Access the latest clinical skills and research for Probiotics & Gut Microbiome for NEONATOLOGY professional training. These Probiotics & Gut Microbiome online courses provide practice-changing skills and valuable perspectives from leading global experts. This Probiotics & Gut Microbiome education has been accredited for a variety of CEUs / CERPs and can be accessed on-demand, at your own pace.

Hours / Credits: 1 (details)

Dr. Gayatri Jape is a fully qualified neonatal pediatrician with a collective experience of 18 years in Australia and overseas. She is a consultant neonatologist at King Edward Memorial Hospital (KEM), Perth in Australia. She also leads the neonatal follow up program at KEMH. Her special interests include gut microbiome, probiotics, neurodevelopment including autism. Her PhD focuses on probiotics, nutrition and long term neurodevelopment. Dr Jape is honorary research fellow at Telethon Kids Institute and leads the 'gut, nutrition and neurodevelopment' team.

Australia Dr. Gayatri Jape, MD, FRACP, CCPU
Abstract:

Recent advances in next generation sequencing have improved our understanding of the important role of gut microbiota in influencing brain development and function; i.e: 'gut-microbiota-brain' (GMB) axis. This is a bi-directional pathway where brain and gut microbes share detailed communications through immunological pathways, hormones and metabolites. GMB plays a crucial role in early brain development and function and impacts on long-term neurodevelopment and neurobehaviour. Understanding these roles is important to understand effective management and potentially prevention. This presentation will cover important aspects of GMB development, physiology, function and translation in clinical medicine for neonates and infants.

Hours / Credits: 1 (details)

Mariana is a member of the team for Breastfeeding Country Index BFCI, a project from Yale University and Universidad Iberoamericana whose goal is to develop an evidence base metric that can help decision-makers to understand the current status to elevate breastfeeding programs and increase breastfeeding rates. A frequent speaker at national and international conferences (plenary speaker at ILCA 2018), she has published numerous articles and co-authored a chapter for the National Academy of Medicine. To contribute to a medical profession better prepared to support breastfeeding, she teaches medical students at the National University of México and serves as a consultant for the National Health Institute and UNICEF.

Abstract:

Breastmilk must be the food for every human on earth. During the last decades we have been learning much more about the immunoprotective and immunomodulating properties of human milk, specifically colostrum. With advancements in neonatal care, we also have new challenges. As health care professionals it is an ethical responsibility to protect and promote breastfeeding practices for every family. Oral colostrum care is the use of own mother's colostrum in the cheeks and mouth of the baby not for a feeding purpose. It is an opportunity to initiate an immunological intervention in small or sick babies, allowing interaction of immunological properties with the linfoid tissue, promoting and improving microbiome and immune response. The mother and the family can also benefit from this intervention improving and enhancing integral participation and prevalence of breastfeeding in the long term.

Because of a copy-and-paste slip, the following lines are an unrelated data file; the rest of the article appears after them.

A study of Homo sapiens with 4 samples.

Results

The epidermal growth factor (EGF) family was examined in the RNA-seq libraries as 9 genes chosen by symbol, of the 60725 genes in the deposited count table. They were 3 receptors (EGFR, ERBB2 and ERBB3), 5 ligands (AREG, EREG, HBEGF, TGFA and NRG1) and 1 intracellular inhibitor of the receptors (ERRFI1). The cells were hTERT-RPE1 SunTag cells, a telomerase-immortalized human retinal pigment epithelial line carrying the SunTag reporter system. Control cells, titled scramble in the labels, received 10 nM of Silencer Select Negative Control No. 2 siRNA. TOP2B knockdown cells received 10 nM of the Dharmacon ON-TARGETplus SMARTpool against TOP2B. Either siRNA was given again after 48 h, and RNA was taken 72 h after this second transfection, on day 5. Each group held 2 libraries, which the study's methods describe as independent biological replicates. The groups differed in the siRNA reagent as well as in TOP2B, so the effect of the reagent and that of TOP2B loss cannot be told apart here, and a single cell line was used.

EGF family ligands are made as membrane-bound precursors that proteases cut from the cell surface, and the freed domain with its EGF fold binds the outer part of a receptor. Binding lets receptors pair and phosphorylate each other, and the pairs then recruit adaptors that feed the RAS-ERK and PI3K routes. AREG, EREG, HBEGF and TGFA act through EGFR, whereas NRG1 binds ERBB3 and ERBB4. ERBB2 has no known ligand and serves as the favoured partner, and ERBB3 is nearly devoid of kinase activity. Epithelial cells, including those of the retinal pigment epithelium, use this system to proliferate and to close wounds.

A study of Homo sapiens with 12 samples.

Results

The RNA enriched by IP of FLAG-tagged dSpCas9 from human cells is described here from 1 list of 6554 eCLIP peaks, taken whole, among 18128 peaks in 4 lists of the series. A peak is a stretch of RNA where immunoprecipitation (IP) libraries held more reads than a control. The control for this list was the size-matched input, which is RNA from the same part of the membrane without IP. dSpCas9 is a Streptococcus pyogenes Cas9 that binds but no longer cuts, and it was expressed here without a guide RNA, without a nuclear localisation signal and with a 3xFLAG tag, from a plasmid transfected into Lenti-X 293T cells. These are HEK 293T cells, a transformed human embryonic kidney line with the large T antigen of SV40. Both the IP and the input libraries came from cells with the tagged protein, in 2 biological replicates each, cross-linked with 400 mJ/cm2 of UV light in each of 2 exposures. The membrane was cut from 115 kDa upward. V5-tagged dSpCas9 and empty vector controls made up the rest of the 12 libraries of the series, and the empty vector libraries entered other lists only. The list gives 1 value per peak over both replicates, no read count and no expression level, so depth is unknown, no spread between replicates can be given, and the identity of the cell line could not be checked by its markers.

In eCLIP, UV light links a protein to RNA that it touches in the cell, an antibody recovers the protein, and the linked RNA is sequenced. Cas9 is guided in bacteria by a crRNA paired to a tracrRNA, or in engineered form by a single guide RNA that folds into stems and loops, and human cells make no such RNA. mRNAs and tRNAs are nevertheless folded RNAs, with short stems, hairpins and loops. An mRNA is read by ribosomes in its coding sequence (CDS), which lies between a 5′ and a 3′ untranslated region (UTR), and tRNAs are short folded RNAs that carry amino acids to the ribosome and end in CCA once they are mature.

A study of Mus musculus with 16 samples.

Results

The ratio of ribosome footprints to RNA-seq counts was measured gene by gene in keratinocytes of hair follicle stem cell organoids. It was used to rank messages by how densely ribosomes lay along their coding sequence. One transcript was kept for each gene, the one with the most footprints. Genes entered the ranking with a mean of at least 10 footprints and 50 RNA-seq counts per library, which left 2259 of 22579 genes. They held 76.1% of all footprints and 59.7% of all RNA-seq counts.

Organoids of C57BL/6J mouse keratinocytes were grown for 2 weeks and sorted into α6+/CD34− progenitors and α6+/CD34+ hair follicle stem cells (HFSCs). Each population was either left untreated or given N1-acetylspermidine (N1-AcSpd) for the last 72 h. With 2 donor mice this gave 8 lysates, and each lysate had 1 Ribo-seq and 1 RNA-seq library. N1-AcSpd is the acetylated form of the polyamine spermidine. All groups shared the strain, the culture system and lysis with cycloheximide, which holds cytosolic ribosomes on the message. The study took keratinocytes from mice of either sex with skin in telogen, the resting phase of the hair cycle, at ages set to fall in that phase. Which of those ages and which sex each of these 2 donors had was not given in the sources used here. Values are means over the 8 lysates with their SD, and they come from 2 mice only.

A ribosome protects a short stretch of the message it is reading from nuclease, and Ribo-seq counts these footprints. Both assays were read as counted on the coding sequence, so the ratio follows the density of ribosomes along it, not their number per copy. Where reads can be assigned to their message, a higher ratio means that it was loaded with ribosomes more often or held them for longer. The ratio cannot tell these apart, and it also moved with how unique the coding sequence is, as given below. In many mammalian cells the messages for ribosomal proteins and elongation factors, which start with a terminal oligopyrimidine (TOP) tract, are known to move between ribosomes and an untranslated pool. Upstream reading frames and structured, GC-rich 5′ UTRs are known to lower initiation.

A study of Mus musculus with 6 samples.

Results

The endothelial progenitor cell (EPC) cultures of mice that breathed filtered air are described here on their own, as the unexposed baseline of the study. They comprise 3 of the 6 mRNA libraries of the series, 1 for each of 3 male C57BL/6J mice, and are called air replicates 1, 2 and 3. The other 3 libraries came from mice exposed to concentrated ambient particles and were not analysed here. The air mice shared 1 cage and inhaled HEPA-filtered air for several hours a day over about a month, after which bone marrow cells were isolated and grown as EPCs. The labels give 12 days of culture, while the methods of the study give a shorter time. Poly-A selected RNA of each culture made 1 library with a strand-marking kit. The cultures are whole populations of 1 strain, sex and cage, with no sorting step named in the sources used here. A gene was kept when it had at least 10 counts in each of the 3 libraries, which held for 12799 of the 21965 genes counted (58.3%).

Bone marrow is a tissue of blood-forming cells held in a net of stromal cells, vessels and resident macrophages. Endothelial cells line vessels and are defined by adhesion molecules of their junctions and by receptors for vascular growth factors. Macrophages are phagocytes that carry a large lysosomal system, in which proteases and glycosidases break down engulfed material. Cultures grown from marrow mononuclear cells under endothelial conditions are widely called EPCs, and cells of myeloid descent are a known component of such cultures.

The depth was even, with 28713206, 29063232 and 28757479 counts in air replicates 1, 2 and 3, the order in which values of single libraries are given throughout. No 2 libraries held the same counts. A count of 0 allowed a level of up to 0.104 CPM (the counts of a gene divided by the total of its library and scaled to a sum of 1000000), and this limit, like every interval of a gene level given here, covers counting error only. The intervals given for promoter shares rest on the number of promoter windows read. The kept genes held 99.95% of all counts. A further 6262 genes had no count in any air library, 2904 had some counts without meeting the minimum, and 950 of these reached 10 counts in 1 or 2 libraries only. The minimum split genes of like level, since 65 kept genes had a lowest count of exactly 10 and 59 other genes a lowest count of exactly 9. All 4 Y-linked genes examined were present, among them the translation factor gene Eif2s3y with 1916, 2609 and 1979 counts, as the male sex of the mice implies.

Hours / Credits: 1.25 (details)

Dr Embleton has worked in neonatal medicine for the past 25 years, completing clinical training and a research doctorate in neonatal nutrition in the UK, and a neonatal fellowship in Vancouver, Canada. He has worked as a Consultant Neonatal Pediatrician in Newcastle, UK since 2002, one of the largest UK neonatal units, caring for sick preterm and term born neonates. He leads a broad portfolio of research focused on nutrition and gut health in preterm infants. Areas of work include determining patterns of early gut microbial colonization, and how these may predict the development of necrotizing enterocolitis (NEC) and sepsis. He is a project team member of large neonatal feeding trials recruiting >5000 infants in the UK, as well as coordinating mechanistic studies using microbiomic and metabolomic analyses. He chairs the multi-disciplinary UK Neonatal Nutrition Network (N3) and is a member of the Committee of Nutrition for ESPGHAN.

GB Nicholas D. Embleton, MD, MBBS, FRCPCH, BSc
Abstract:

Preterm infants are at increased risks of death and serious morbidity, although outcomes have improved significantly over the last 20 years. However, complications associated with gastrointestinal disorders, especially necrotising enterocolitis (NEC), and sepsis are increasingly important problems as respiratory care has improved. There is over-whelming data to support the use of mother’s own breastmilk, but only a few other interventions have shown important impacts on NEC and sepsis. However, meta-analyses, systematic reviews, large scale randomised controlled trials (RCTs) and observational studies all suggest that the administration of probiotics decrease the prevalence of NEC and sepsis, and improve other measures of gastrointestinal function such as enteral feed tolerance. Probiotics are live bacteria associated with a health benefit. Multiple different species and strains are considered to be ‘probiotics’ but only a few of these have been tested in high quality RCTs in preterm infants. This talk will review aspects of gut microbiota development, the interaction between breast milk nutrients and the microbiome and the role of probiotics. Methodological challenges associated with the interpretation of existing data will be discussed, and practical steps and considerations for the use of probiotics and potential risks will be considered.

This presentation is currently available through a bundled series of lectures.